Parsons Tackles Disaster Preparedness Through Design

Four months after Hurricane Maria made landfall in Puerto Rico, an interdisciplinary team of graduate students from Parsons School of Design at The New School traveled to the U.S. territory to survey the destruction of the island’s lighting system by one of the worst natural disasters in modern history.

Power in Puerto Rico had been knocked out for weeks, and students wanted to hear from local residents, nonprofit organizations, and community leaders about the impact the lack of light was having on their everyday lives. They also planned to research, create, and implement design solutions to mitigate the crisis.

The students launched Lighting in Action, an organization that works with communities in Puerto Rico to install solar lighting solutions.

“Our study of lighting conditions is an effort to fully involve ourselves in real-world challenges — in this case, the urgent problem of natural and man-made disasters,” according to the students, who come from the MFA Lighting Design, MArch, and MFA Design and Technology programs. “The relationships and networks we develop while in Puerto Rico we hope to continue to build into a mutually beneficial exchange of ideas.”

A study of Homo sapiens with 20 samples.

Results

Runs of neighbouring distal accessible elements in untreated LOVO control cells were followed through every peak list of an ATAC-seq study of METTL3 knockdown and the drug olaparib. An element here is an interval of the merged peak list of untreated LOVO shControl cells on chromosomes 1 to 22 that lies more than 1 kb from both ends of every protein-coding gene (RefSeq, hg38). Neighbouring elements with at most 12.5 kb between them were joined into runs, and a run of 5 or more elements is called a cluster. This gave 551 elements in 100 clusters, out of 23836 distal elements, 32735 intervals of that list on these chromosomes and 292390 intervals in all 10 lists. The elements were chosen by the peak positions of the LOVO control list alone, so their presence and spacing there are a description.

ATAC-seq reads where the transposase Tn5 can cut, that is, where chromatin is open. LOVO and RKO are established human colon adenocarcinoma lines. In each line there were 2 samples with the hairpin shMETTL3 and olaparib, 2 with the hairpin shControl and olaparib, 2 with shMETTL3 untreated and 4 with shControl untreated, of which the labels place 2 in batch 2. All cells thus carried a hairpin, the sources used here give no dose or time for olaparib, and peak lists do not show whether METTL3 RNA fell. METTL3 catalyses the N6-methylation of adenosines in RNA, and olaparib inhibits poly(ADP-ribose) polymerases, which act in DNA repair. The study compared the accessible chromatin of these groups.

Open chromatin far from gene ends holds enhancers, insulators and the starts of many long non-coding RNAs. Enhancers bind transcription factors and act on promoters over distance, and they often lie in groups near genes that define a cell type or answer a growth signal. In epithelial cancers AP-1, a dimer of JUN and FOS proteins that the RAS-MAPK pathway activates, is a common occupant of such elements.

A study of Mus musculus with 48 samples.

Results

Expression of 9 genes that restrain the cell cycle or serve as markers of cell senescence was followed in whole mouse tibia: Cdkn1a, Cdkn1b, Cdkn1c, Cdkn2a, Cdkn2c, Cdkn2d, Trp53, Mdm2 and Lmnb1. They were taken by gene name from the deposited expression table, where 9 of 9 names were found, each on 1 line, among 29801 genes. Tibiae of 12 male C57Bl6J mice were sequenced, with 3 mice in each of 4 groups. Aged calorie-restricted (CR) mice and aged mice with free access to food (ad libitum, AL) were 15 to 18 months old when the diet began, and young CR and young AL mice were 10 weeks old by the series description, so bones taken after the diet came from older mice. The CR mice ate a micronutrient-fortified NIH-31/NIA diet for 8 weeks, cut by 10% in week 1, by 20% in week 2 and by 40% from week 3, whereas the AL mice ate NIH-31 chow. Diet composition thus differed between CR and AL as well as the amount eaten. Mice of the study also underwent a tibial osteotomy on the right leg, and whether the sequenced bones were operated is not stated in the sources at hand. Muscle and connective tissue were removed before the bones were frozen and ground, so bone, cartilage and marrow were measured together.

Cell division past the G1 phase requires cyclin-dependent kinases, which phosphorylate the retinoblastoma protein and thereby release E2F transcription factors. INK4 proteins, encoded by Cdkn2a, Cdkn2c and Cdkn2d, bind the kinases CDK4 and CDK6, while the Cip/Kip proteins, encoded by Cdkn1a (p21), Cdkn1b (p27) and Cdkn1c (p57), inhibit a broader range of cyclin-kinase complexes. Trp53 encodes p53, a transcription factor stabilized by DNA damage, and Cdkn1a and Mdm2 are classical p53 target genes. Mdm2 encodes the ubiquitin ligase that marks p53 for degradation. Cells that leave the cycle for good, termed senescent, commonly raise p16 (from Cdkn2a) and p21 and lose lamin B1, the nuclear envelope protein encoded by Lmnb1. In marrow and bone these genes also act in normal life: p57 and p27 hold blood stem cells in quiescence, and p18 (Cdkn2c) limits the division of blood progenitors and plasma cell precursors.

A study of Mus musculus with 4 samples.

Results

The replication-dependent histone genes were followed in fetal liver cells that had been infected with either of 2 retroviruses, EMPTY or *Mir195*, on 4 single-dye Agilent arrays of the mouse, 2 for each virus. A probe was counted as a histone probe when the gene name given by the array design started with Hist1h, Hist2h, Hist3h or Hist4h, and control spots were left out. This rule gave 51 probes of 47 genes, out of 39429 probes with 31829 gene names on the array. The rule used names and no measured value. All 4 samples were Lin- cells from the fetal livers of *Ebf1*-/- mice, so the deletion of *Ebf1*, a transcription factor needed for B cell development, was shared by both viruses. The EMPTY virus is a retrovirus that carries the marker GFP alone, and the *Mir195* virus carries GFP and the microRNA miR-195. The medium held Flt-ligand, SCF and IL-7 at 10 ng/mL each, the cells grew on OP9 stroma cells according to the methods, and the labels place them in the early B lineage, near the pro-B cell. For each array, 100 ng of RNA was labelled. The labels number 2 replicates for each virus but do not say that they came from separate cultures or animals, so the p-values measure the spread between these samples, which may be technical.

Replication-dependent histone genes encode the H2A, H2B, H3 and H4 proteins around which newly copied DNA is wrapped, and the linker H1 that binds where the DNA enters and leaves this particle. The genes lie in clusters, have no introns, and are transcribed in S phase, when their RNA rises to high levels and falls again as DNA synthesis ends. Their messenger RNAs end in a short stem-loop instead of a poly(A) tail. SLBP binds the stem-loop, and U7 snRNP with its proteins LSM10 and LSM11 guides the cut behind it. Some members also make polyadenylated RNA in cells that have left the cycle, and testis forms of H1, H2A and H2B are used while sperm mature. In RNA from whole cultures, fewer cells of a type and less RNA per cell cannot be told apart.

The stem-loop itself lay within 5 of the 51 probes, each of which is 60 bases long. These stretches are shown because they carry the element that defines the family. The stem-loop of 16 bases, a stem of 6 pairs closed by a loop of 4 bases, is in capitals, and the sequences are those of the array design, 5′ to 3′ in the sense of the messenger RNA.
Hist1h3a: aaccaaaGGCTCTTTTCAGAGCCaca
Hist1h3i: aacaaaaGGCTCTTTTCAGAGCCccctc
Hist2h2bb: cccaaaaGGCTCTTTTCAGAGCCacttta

The project is one of the many ways Parsons is dealing with disaster preparedness through design — a three-year endeavor that culminates in a pair of exhibitions at the Sheila C. Johnson Design Center and an upcoming design intensive that kick off in September.

Disaster Preparedness in the Constructed Environment is an exhibition featuring student projects that arose from a 2017 design intensive, along with a series of videos documenting the observations of students from Lighting in Action, a Facebook Live interview with Kirkbride and students involved in the exhibition, and a slides from the 2017 design intensive. It coincides with Earth Manual Project – This Could Save Your Life, an exhibition co-hosted by the Japan Foundation that showcases creative ideas for dealing with disasters at different stages — from preparedness education to response and relief efforts — from leading designers from Japan, Indonesia, Thailand, and other countries where such cataclysmic events are frequent.